Might not seem like a notable accomplishment. For Baker, in his attempt to find his way back into a starting rotation following Tommy John surgery in 2012, feeling fine a day after throwing live batting practice is important.
"I think first and foremost you're trying to prove to yourself more than anybody else because really it doesn't' matter of what anybody else thinks as long as you know you're doing the best that you can, you're doing everything you're supposed to be doing to be successful," Baker said. "I think the most important thing is I felt good. I think I have a decent idea of how to pitch, it's just making sure that you're healthy and making sure you're reaching every level of progression until it's time to pitch in the games."
There is no denying what a healthy Baker, finding the form that once made him an opening day starter in Minnesota, could mean for the Mariners and a rotation that outside of ace Felix Hernandez and AL Cy Young finalist Hisashi Iwakuma has no guarantees. Sitting empty is the No. 3 spot in Seattle's rotation, with the expectation that a pair of youngsters out of the group including Taijuan Walker, James Paxton, Erasmo Ramirez and Brandon Maurer will fill out the final two rotation spots.
A bridge is needed. The Mariners understand that. So does Baker. It's why he chose to accept a minor league contract with Seattle.
"Selfishly I think this was a nice place for me to be. Of course they have a lot of great things going here," Baker said. "At this point in my career I want to be at a place that has a chance to win. They've obviously improved greatly from last year with a lot of key free agents, but I felt there was a good opportunity to make a team here."
Not long ago, Baker was a top starter for Minnesota. Between 2008-10, Baker started 90 games and went 38-22 with a 4.11 ERA for the Twins. Coming off a career-best 15 victories in 2009, Baker was Minnesota's opening day starter in 2010. He didn't fall off much in 2011 starting 21 games and going 8-6 with a 3.14 ERA before arm problems sidelined him for most of the final two months of the season.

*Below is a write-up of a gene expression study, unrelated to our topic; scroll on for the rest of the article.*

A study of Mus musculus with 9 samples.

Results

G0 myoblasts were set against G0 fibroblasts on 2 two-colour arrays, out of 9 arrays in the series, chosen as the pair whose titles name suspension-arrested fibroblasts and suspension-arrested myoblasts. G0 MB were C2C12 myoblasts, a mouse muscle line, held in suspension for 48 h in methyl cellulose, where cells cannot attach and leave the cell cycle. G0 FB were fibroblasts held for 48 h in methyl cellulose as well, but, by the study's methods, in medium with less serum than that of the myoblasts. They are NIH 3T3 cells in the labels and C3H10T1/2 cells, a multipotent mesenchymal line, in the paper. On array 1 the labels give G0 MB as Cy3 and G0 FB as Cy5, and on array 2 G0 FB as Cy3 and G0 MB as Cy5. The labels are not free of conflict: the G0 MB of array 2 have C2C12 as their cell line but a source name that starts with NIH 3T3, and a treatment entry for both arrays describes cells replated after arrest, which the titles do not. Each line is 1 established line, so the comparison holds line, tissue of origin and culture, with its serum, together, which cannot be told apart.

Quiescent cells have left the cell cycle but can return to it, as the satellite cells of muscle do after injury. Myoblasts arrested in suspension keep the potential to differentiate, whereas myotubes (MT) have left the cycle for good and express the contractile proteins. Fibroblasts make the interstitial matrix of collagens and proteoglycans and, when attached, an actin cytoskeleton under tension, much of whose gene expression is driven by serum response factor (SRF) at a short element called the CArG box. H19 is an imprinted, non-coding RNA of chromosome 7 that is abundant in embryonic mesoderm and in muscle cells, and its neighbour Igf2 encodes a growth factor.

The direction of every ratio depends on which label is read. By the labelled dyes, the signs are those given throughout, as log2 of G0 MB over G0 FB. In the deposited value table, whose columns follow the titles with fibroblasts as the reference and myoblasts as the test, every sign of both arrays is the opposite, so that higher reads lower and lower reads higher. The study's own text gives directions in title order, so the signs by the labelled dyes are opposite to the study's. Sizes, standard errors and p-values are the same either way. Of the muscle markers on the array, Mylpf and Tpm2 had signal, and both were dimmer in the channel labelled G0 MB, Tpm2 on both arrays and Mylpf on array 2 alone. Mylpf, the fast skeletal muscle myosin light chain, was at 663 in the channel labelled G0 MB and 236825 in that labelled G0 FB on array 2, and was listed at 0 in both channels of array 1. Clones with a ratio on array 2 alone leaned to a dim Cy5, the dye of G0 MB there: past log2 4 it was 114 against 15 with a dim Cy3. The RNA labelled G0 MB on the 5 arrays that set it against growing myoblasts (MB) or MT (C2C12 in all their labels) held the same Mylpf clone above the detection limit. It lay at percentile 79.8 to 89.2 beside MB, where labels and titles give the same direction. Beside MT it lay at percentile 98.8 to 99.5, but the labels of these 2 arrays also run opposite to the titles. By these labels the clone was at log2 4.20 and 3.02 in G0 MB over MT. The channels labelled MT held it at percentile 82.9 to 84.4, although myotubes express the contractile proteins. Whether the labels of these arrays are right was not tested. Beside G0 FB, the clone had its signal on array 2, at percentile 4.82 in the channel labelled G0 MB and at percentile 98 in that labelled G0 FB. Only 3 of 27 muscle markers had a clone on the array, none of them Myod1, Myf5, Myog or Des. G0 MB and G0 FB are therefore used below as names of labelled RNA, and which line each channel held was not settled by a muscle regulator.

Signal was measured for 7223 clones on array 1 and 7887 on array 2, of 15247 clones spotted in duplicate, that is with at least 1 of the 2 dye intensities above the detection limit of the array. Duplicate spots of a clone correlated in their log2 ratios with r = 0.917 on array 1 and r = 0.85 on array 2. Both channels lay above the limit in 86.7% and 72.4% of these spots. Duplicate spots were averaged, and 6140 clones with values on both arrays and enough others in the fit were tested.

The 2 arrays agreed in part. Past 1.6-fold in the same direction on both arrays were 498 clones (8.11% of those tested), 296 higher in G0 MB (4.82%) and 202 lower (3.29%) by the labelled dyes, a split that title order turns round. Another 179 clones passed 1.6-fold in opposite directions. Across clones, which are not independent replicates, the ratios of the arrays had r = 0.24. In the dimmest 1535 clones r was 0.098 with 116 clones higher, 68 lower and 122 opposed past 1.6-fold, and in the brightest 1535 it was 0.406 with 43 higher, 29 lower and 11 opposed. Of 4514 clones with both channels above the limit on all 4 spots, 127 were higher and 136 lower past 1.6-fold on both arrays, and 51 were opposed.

But those arm problems at the end of 2011 were the precursor to his elbow surgery in April 2012.
"Look at his track record. It's pretty good," Seattle manager Lloyd McClendon said. "It's just a matter of if he's healthy and can he get back to that level that he was."
Baker hoped to be back in a starting rotation a year ago, but forearm problems landed him on the Chicago Cubs disabled list for most of the season. He was able to make three starts at the end of last season that were critical for his own confidence and for others to see he could be counted on regularly.
He was hopeful that brief time last September would lead to a major league contract in the offseason. He was also a realist.
"We held out a little while to see if it was there and we thought it might be there but it ended up not being there, which I understand," Baker said. "I'm confident enough wherever I end up that I feel good and like I said I have a pretty good idea of how to pitch."
Right now, there isn't much competition for that third spot in the rotation, baring the Mariners making a significant free agent signing or a trade. Aside from the youngsters, Seattle also brought in veteran Randy Wolf, also coming off Tommy John surgery. While Baker felt fine on Saturday, the real test will come later when he throws bullpen sessions on a regular basis and eventually gets into a spring training game.
"I'm anxious to see him compete against hitters," McClendon said. "I know this, you run him out there, they'll either step up or they'll eliminate themselves. I'm anxious to get it going and get in the competition."